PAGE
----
When people are given a forum to say whatever they want anonymously, at least a percentage of those contributing will say something dickish. This isn’t just a rule of the Internet. Think of all the malicious notes dropped in suggestion boxes around the world, or the scrawled personal attacks in bathroom stalls. The Internet just opens up way more avenues to be anonymously mean to others.
Secret is an app that provides a platform for anonymous posts, but it doesn’t want to be another forum for trash-talking. Like Whisper, it’s a successor to PostSecret, giving users the opportunity to confess to an audience of strangers. Most posts are fairly innocuous, with many extremely popular posts echoing greeting card sentiments or motivational quotes. But, of course, people are also using it to talk smack about one another, which is why the app is now reminding users that personal attacks are against its community guidelines by showing users trying to post something about a specific person a warning sign.
I wanted to test to see how sensitive the warning trigger is, so I did a few tests. To see if Secret recognizes non-famous people, I insulted myself:
The warning popped up! Secret doesn’t want people to call me a butthole. Thanks, Secret.
Then I decided to test the waters with famous people and I posted this:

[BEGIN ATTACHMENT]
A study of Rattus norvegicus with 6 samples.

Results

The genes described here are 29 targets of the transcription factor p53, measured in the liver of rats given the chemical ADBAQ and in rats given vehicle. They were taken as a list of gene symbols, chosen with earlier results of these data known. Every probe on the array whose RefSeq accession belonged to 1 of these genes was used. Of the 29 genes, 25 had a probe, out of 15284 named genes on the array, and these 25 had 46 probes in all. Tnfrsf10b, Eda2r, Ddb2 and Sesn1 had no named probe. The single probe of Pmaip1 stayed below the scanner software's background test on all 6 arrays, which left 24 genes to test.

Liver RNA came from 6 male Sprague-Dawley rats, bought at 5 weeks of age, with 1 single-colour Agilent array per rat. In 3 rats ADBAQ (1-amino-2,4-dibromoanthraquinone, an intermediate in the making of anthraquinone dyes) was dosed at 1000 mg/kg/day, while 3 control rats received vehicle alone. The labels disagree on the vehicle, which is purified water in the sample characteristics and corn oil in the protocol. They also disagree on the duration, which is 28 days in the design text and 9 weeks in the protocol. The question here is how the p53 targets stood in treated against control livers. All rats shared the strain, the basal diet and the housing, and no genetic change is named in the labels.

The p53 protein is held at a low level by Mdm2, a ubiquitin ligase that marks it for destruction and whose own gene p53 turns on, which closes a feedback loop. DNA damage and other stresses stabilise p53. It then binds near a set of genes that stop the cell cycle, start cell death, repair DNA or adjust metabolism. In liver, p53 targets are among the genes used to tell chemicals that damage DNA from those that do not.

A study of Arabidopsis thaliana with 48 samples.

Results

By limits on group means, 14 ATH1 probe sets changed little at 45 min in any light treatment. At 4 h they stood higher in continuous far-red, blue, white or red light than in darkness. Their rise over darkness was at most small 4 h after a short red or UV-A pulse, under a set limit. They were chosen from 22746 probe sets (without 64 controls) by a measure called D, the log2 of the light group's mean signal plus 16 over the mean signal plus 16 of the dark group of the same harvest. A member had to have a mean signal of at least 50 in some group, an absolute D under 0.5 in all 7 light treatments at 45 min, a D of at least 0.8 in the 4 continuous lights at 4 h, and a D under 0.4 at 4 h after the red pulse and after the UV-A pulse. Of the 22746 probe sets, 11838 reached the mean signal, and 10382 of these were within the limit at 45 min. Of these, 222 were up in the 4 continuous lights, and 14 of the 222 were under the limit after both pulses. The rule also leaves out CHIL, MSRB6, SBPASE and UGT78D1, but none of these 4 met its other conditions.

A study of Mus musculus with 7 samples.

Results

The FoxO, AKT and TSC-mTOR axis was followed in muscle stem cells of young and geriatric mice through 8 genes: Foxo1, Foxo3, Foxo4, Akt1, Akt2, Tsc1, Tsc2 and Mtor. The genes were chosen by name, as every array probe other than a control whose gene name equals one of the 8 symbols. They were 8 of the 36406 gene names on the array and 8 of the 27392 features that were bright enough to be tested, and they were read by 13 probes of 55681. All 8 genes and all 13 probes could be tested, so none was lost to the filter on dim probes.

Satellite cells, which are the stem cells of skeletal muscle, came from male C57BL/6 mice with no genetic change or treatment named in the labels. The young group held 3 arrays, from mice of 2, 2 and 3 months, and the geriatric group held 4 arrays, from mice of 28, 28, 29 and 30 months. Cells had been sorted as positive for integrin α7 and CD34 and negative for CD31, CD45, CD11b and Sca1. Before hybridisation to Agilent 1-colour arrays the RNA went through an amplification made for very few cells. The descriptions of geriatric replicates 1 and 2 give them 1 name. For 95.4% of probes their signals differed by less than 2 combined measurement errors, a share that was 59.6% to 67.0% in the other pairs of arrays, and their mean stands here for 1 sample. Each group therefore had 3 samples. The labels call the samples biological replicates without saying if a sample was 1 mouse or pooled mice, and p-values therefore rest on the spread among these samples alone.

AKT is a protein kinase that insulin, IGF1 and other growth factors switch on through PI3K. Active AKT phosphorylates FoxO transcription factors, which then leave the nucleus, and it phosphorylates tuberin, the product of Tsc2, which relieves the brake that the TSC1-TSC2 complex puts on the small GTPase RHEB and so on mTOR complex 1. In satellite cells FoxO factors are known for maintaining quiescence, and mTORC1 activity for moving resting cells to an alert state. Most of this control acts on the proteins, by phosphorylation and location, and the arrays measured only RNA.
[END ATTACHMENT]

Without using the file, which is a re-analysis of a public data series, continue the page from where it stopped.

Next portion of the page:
No warning. This surprised me, since other another user posted that Secret gave them a warning for insulting Steve Wozniak. What does that say about Secret’s opinion of Jay Leno?
Either way, this gentle behavior-nudging indicates that Secret is taking a different approach to gossip than its competitor, Whisper. Whisper’s editor-in-chief Neetzan Zimmerman personally approved a post gossiping about Gwyneth Paltrow, indicating that the app is open to growing a celebrity-secrets following. Secret, on the other hand, gained buzz precisely because Silicon Valley types were using it to gossip, but now it’s trying to sanitize its reputation as a place for drudging dirt up about individuals.
Secret just raised $8.6 million in funding and released a feature called “Nearby” that makes it easier to use for people who don’t have friends already on the platform (previously, users only saw very popular posts or the posts of their contacts, which made for an anemic experience if your circle doesn’t include the type who’d download the newest apps). The app isn’t hiding its intentions to grow, and I suspect this new warning is part of strategy to broaden Secret’s appeal.